DES MOINES — As candidates fan out across Iowa on Saturday for one of their final chances to make their case to heartland caucus goers, the biggest news of the day is likely to come from the downtown Des Moines Marriott, which is home base for many in the national political news media.
Bloomberg Politics and the Des Moines Register are releasing the results of their final Iowa poll, an indicator of which campaigns are on the upswing in a crucial time before the vote on Monday. Not only will it will be live-streamed, but it will be followed by food and cocktails.
What is noticeable is nervousness among Hillary Clinton supporters, wondering whether Bernie Sanders can eke out a win in a state where she had once been so far ahead in the polls. Donald Trump has led in some recent Iowa polls in a state that seemed to favor Ted Cruz, but Trump’s decision to skip the debate on Thursday has come with withering attacks from rivals that he walked away because he could stand the heat. It also could indicate whether Marco Rubio’s campaign has gained some momentum, as he tries to cast himself as an alternative to the anti-establishment crusades of Trump and Cruz.
Downtown Des Moines thrives in the once-every-four-years spotlight, not only in the hiked-up room rates and brisk bar business, but the extra flair of catching national media figures in the street or, in the case of recent weeks, a smattering of celebrities who have shown up to serve as surrogates for candidates. Gaby Hoffmann, of “Transparent” and “Girls,” was in town on Friday for Sanders; a few weeks ago “Girls” star Lena Dunham campaigned here for Clinton.
The Sanders campaign is deploying a number of entertainment figures throughout the weekend, including Josh Hutcherson, “The Hunger Games” star, who is scheduled to attend a rally at the University of Iowa in Iowa City on Saturday and canvassing and phone banking events on Sunday. Also at the Sanders rally on Saturday evening are Vampire Weekend, Jill Solbule, Awful Purdies, Kay Hanley, Michelle Lewis and the Lucas Brothers. Earlier this week, Susan Sarandon campaigned with Sanders, with the actress drawing headlines for attacks on Clinton. “She failed me,” Sarandon said of Clinton’s 2002 vote in favor of U.S. military action in Iraq.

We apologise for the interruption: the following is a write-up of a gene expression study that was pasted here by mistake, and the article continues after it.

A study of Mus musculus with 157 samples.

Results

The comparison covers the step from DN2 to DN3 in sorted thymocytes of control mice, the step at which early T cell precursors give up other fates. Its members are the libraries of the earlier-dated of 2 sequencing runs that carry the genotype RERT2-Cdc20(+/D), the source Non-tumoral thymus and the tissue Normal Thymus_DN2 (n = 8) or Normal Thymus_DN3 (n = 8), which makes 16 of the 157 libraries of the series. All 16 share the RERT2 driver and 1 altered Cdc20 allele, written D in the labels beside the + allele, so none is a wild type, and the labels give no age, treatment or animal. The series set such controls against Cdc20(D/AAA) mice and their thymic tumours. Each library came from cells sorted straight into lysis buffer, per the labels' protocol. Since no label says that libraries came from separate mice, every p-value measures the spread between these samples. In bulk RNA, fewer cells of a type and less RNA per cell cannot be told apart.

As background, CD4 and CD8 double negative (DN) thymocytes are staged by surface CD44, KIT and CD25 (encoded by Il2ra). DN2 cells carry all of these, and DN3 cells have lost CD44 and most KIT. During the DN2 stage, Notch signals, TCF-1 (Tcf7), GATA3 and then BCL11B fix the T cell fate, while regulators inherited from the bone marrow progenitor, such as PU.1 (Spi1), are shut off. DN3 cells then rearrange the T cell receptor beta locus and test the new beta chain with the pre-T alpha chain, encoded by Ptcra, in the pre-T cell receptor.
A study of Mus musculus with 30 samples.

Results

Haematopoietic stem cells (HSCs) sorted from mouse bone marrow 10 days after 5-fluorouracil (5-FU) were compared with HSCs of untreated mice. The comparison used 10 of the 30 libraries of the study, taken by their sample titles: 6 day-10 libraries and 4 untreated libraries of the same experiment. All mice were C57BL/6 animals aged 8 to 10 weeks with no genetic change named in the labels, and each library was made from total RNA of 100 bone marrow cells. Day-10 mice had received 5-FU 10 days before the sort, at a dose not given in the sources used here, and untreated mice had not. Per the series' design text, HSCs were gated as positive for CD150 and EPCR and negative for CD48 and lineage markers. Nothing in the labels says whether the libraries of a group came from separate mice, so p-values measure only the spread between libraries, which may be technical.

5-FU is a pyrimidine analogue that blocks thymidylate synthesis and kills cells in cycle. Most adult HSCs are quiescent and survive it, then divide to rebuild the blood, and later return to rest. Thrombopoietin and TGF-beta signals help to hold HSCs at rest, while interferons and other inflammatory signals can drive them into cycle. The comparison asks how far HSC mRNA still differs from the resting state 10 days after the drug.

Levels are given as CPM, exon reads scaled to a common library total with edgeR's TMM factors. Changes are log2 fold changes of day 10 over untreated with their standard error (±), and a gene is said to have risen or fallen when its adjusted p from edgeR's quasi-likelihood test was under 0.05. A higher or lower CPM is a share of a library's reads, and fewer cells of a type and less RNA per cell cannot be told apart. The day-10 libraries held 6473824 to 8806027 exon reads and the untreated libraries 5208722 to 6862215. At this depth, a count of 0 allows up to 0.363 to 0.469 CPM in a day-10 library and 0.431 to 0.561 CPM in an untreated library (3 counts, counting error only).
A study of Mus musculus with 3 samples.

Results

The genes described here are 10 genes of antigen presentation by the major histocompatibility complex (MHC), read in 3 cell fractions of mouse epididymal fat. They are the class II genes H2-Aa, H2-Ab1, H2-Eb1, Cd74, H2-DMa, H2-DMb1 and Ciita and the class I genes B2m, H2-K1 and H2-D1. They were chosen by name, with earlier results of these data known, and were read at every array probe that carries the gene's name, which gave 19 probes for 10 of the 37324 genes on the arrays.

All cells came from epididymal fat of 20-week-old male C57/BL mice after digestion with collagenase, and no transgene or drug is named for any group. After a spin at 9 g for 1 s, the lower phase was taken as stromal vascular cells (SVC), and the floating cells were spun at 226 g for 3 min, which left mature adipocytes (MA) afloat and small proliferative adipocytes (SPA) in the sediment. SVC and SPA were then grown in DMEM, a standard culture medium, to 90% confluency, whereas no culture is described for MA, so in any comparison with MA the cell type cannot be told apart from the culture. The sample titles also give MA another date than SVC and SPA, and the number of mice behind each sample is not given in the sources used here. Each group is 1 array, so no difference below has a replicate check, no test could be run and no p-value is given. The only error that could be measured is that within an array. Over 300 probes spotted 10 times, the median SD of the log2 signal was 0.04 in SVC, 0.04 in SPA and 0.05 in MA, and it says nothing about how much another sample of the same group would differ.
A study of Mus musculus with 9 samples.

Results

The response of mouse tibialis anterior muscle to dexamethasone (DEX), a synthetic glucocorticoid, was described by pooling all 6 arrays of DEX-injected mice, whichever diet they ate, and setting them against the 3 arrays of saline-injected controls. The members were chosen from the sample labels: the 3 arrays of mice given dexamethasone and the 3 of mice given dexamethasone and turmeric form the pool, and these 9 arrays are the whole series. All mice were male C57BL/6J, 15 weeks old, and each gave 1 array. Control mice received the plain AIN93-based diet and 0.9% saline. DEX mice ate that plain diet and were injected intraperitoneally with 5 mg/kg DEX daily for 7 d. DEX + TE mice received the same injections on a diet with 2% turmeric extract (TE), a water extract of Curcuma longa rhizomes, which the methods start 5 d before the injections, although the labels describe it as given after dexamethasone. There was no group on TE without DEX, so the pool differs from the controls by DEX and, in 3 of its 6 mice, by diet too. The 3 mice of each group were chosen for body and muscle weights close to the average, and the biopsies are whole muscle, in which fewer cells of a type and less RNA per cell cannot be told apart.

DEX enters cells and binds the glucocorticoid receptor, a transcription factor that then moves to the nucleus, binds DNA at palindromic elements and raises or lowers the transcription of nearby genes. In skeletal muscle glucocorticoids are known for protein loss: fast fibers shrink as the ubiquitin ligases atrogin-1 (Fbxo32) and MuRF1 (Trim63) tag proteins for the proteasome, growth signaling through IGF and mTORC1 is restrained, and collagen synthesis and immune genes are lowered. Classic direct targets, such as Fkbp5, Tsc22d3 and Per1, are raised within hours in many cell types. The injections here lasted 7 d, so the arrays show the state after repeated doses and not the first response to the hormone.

After deploying such entertainment figures as Jamie Lee Curtis and Demi Lovato in recent weeks, the Clinton campaign this weekend is largely sticking to events featuring the candidate, her husband former President Bill Clinton and daughter Chelsea Clinton, along with policy-oriented surrogates like former Congresswoman Gabby Gifford and her husband Mark Kelly, advocates on gun violence issues. A campaign official said that there are fewer showbiz types here this weekend as they wanted to concentrate on the campaign’s closing message to voters.
Timothy Hagle, associate professor of political science at the University of Iowa, said that the Sanders campaign’s emphasis on actors and musicians in this final weekend makes sense given that his campaign is depending on heavy turnout among younger voters. The campaign doesn’t have quite the field operation of the Clinton campaign, so they are depending on the last burst of energy to make a difference.
“Does having those celebrities increase that enthusiasm a lot? To some extent, the last weekend before the caucuses, the answer is ‘Yes,'” he said.
On the Republican side, Cruz is being joined on the trail on Saturday and Sunday by “Duck Dynasty” star Phil Robertson, who endorsed him earlier this month in an irreverent video. Robertson’s son, Willie, is endorsing Trump.
Chris Christie was staying at the Sheraton in West Des Moines, the same hotel as Chris Soules, the former star of “The Bachelor.” He was actually in town for the Land Expo, an agriculture real estate conference. The two snapped a picture together, and the Christie campaign tweeted out the picture as a new supporter, but Soules later said that he was still undecided.
“Going to hit up the caucus for the first time before I commit,” he wrote. “Will have to DVR #TheBachelor.”
In fact, a street near the hotel, in one of the more affluent suburban areas of the city, offers an indicator of just how unexpected and unpredictable the 2016 race has been and who is driving the enthusiasm. On the fence of one subdivision is a message of ‘Feel the Bern,’ lit up in Christmas lights. Farther south, on the other side of the street, a different subdivision greets visitors with a lit-up portrait of Trump.